Chevy is pushing its Cruze sedan into hybrid mileage territory – but without the battery.
The 2017 Chevrolet Cruze Diesel model has just gotten a 52 mpg highway mileage rating from the U.S. Environmental Protection Agency. That is handily the highest rating for any non-hybrid or plug-based model on the road and compares favorably with a number of similarly sized hybrid models.
“Chevrolet is dedicated to offering customers a wide range of propulsion options,” said Steve Majoros, director of Chevrolet marketing, in a statement highlight the EPA numbers. “We know there are customers looking for the right combination of fuel efficiency, driving dynamics, fuel type and more. With the EPA-estimated 52-mpg highway Cruze Diesel Sedan, they can get it all.”
The Cruze Diesel is one of just a handful of mainstream products on the U.S. market offering a diesel powertrain – especially since Volkswagen was forced to pull its line-up of “oil burners” out of showrooms in September 2015.
The Chevy sedan uses a new Ecotect 1.6-liter turbodiesel paired with a six-speed manual gearbox. The package makes 137 horsepower and 240 pound-feet of torque. According to the EPA, it will make 52 mpg on the highway, with a 30 mpg rating in the city and 37 combined. The package also will get up to 702 miles on a tank of diesel fuel.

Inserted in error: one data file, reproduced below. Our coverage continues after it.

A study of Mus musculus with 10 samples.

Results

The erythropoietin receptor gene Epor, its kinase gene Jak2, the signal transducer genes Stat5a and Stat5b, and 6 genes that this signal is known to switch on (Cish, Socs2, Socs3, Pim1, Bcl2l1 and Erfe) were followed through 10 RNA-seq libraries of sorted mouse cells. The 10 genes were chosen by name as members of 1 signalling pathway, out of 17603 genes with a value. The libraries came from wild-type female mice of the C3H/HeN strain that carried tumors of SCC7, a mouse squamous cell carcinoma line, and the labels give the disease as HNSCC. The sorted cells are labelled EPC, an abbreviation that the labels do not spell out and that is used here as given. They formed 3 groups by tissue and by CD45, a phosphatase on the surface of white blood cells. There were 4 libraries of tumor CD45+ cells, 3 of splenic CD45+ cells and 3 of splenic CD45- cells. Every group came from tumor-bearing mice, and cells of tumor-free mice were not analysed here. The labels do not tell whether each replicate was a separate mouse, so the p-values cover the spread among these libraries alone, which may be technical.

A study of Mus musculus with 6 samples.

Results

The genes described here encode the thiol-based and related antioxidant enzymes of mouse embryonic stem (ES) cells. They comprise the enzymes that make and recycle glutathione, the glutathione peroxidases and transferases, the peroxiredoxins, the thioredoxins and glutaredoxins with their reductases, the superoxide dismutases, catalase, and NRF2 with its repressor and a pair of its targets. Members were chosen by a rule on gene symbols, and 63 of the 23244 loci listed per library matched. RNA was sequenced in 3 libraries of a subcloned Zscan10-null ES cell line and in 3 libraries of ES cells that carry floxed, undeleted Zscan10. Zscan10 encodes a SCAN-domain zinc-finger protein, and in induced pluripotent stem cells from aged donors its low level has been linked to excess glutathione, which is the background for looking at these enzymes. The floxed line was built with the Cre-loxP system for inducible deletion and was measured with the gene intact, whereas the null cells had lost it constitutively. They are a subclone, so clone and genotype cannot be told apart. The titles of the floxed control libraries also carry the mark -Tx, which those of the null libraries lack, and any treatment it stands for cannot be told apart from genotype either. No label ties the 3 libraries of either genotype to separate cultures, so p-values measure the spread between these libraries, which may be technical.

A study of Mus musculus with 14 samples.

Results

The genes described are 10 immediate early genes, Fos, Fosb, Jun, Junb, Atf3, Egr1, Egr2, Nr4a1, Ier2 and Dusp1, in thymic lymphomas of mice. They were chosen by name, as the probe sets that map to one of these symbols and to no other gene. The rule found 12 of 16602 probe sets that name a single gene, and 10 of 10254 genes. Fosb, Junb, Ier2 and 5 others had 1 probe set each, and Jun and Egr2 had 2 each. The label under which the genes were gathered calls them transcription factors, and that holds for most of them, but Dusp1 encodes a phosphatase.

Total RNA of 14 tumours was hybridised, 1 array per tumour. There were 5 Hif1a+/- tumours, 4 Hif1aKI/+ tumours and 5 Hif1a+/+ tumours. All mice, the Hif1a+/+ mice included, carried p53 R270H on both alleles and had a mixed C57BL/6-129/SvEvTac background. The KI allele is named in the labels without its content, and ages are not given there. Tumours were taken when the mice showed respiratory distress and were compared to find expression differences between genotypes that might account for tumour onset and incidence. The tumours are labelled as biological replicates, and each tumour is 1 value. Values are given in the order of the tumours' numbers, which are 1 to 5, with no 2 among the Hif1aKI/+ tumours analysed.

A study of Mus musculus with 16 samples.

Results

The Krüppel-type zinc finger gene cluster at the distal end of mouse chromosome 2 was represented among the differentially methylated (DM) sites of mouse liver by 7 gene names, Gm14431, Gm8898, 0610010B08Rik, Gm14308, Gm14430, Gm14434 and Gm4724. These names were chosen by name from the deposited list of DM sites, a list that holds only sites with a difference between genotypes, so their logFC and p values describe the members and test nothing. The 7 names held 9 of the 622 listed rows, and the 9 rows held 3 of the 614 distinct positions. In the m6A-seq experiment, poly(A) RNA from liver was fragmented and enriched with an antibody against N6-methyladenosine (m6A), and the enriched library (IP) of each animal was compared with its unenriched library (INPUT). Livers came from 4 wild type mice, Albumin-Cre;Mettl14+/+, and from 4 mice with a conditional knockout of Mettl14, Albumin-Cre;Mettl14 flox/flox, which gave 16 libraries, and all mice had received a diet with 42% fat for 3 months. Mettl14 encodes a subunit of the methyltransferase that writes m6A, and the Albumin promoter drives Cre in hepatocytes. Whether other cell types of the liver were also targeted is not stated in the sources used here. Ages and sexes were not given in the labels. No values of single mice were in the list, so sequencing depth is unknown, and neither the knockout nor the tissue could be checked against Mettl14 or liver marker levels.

By comparison, the 2017 Toyota Prius gets 53 mpg on the highway and 58 in city driving. Hybrids break the traditional paradigm, improving efficiency in urban driving because they have more opportunities to regenerate energy normally lost during braking and coasting. That’s why many experts suggest that diesels are best suited for those who travel longer distances. They also tend to deliver better acceleration and towing capabilities because of their higher torque.
The 2017 Chevrolet Cruze Diesel will go on sale this spring and will carry a base price of $24,670 with the manual gearbox.
The diesel market had been growing rapidly during the first half of the decade – albeit from a low base. And a number of automakers had laid out plans to add oil burners to their line-ups. But the future of the diesel segment has become cloudy in the wake of the EPA’s revelation, in September 2015, that VW had rigged its 2.0- and 3.0-liter diesel engines to illegally pass U.S. emissions tests.
The automaker has since pulled all its diesel models out of American showrooms and says that even though it is developing a fix it doesn’t plan to return to the U.S. market except for possibly one Audi diesel model.